On Behalf of | Mar 11, 2024 | High-Asset Divorce

In high-asset divorces, commingling of assets can complicate the process significantly. When spouses mix their separate assets with marital assets, it can be challenging to determine what belongs to whom for the purpose of division upon divorce.

Here are some specific ways on how commingling can affect high-asset divorces:

Increased complexity

High-asset divorces often involve various asset types, such as real estate, business interests, investments and retirement accounts. If spouses have commingled these properties before the divorce’s finalization, the process can be more complex and require considerable effort. It would typically require forensic professionals to trace the origins of the assets to determine what is marital and what is separate property.

Implications on distribution

In Michigan, divorce only affects marital properties, which courts divide fairly and equitably between spouses. Separate properties, including those a spouse owns before the marriage or acquires as a gift or inheritance, are not subject to the division. However, if spouses have commingled separate assets with marital assets, the courts might consider those as marital property and consequently, subject them to the division.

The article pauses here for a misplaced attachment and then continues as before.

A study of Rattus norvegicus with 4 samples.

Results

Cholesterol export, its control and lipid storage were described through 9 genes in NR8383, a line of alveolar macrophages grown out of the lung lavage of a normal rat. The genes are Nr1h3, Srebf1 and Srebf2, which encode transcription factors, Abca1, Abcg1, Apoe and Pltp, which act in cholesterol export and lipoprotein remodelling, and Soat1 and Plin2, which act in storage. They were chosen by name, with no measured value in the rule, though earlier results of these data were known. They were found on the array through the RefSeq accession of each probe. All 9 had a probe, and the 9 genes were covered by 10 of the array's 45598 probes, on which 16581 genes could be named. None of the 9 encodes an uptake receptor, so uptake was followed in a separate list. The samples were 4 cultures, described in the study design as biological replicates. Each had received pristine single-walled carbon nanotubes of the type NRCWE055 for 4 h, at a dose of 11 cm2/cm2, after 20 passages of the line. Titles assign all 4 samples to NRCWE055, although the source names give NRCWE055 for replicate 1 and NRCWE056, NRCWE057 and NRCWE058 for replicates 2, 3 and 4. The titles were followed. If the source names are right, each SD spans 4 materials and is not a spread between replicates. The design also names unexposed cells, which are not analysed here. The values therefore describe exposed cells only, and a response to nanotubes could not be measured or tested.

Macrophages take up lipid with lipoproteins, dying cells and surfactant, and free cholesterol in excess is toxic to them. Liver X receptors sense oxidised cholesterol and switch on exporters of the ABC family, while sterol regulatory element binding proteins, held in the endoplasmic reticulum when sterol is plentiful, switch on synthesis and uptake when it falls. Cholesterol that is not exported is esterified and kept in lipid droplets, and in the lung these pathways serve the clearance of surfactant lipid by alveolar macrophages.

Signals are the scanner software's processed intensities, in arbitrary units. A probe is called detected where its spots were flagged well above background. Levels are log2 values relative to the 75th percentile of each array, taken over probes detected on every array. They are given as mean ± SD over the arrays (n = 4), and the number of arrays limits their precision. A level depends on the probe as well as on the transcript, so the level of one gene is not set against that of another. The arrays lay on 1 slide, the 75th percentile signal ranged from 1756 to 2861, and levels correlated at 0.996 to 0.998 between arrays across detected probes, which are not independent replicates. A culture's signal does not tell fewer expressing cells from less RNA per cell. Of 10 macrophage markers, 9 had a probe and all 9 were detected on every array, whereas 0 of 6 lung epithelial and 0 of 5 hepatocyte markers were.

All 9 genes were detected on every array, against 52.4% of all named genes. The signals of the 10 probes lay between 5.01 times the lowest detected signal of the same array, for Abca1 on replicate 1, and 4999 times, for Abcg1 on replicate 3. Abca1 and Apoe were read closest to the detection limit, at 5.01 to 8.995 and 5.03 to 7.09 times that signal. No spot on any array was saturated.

Valuation disputes

In high-asset divorces, an accurate valuation of assets is crucial. However, commingling makes it additionally difficult to assess the true value of individual assets, which can lead to disputes and stretch out the divorce process.

Protect yourself from the consequences of commingling

A careful review and determination of asset types can help you protect your property rights in a divorce. This includes proving that an asset has not been subject to commingling and is in fact a separate property. This is possible through a mix of methods, such as adequate documentation, strategic planning and the guidance of a knowledgeable legal representative.